UCC Case Law Update


We have recently seen some potentially significant Uniform Commercial Code (UCC) decisions in Texas in the last few months which may be of interest to our financial institution clients. We have given a brief synopsis of these cases below, along with our analysis of the impact that such cases may have on our clients.

Statute of Repose in UCC Section 4.406 Runs from Date of Administrator’s Appointment

Jefferson State Bank v. Lenk, 323 S.W.3d 146 (Tex. 2010)

In Jefferson State Bank v. Lenk, the Texas Supreme Court decided a case that is important to financial institutions (and estate administrators) with respect to when the statute of repose under Section 4.406 of the UCC begins to run in the case of an estate administrator’s appointment after the death of an accountholder....

Common Law and Equitable Claims May Co-Exist with UCC Claims

Ross v. Bank of America, N.A., 693 F.Supp.2d 692 (S.D. Tex.2010)

In Ross v. Bank of America, N.A., United States District Judge Lee Rosenthal, a well-respected federal jurist in Houston, issued a memorandum opinion denying a motion to dismiss filed by the defendant bank which requested dismissal of a “money had and received” claim as displaced by the UCC, and held that the revised Section 3.420 of the UCC does not preclude the claim. This is the first Texas case (albeit in federal court) to decide the precise question of whether a “money had and received” claim is displaced by the UCC....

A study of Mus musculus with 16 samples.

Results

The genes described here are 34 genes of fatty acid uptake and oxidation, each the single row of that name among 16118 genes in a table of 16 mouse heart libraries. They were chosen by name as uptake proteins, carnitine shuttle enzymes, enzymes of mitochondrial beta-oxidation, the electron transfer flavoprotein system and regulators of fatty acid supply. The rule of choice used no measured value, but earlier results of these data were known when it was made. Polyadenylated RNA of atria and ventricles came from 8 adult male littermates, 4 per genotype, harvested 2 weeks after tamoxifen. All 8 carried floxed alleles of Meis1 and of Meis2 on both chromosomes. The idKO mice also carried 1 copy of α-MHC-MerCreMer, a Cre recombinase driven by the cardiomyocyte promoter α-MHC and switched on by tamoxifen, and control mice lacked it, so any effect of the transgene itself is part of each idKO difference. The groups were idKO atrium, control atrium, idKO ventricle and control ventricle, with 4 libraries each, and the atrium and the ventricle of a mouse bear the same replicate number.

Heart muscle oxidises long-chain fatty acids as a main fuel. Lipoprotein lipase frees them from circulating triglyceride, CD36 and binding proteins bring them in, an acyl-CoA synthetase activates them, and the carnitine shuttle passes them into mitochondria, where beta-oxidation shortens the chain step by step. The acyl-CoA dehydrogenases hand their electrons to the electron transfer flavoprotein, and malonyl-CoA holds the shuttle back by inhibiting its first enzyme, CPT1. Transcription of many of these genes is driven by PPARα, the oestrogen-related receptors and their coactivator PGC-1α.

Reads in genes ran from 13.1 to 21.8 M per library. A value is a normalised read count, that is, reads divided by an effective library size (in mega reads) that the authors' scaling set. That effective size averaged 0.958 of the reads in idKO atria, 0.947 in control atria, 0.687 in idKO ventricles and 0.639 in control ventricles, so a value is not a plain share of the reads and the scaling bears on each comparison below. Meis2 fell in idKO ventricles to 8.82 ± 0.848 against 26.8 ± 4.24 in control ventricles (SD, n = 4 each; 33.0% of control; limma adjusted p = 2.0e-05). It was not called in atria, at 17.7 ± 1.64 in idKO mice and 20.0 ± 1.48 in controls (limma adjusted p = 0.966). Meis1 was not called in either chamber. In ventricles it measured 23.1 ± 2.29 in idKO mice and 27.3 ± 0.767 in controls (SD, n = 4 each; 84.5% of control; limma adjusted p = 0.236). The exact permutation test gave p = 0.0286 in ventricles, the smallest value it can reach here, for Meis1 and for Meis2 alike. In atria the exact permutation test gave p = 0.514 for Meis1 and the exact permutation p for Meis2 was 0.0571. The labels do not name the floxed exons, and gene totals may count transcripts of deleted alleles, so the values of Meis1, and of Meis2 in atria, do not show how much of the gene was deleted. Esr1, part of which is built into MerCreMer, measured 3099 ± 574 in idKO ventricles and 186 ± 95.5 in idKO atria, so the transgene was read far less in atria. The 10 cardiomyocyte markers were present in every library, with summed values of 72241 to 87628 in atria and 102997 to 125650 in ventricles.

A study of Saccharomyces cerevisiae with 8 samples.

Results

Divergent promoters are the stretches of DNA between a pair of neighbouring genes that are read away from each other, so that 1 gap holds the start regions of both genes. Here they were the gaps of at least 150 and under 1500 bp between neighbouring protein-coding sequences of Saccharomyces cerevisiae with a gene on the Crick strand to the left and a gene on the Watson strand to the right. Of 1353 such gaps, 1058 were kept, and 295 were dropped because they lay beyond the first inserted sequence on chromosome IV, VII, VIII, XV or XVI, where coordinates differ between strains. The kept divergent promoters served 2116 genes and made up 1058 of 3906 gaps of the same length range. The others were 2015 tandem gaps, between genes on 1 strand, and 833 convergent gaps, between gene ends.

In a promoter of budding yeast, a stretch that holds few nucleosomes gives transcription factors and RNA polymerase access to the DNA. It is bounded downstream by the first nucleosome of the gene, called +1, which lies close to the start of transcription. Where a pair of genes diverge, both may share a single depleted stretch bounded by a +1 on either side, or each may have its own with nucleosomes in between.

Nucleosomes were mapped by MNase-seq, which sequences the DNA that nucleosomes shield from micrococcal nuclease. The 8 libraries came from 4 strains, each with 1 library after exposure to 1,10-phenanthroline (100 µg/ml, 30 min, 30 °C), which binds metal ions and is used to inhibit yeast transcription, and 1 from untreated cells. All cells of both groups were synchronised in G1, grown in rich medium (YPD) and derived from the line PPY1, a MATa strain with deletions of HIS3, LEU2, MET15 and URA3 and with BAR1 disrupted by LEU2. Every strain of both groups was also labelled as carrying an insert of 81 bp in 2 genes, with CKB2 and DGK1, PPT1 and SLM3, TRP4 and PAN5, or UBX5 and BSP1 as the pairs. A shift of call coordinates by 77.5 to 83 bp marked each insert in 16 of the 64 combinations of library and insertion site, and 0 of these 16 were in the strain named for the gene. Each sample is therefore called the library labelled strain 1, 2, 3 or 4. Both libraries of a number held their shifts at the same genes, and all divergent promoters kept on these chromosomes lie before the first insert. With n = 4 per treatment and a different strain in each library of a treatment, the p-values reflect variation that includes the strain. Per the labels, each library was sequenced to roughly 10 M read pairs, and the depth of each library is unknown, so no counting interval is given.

Refining the Definition of “Commercial Reasonableness” Under UCC Article 9

Regal Finance Co., Ltd. v. Tex Star Motors, Inc., ____ S.W.3d____, 2010 WL 3277132, 53 Tex. Sup. Ct. J. 1034 (Tex.2010)

In Regal Finance Co., Ltd. v. Tex Star Motors, Inc., the Texas Supreme Court issued an opinion concerning the appropriate standard for “commercial reasonableness” under Article 9 of the UCC when secured creditors dispose of collateral (repossessed vehicles in this case) and seek to recover a deficiency judgment after foreclosure and sale. Rejecting a court of appeals’ decision which essentially transformed the standard to a “reasonable dealer” standard, at least insofar as the jury charge in that case was concerned, the Supreme Court held that a “reasonable dealer” standard was only one, non-exclusive method of proving commercial reasonableness....

Please see full update below for more information.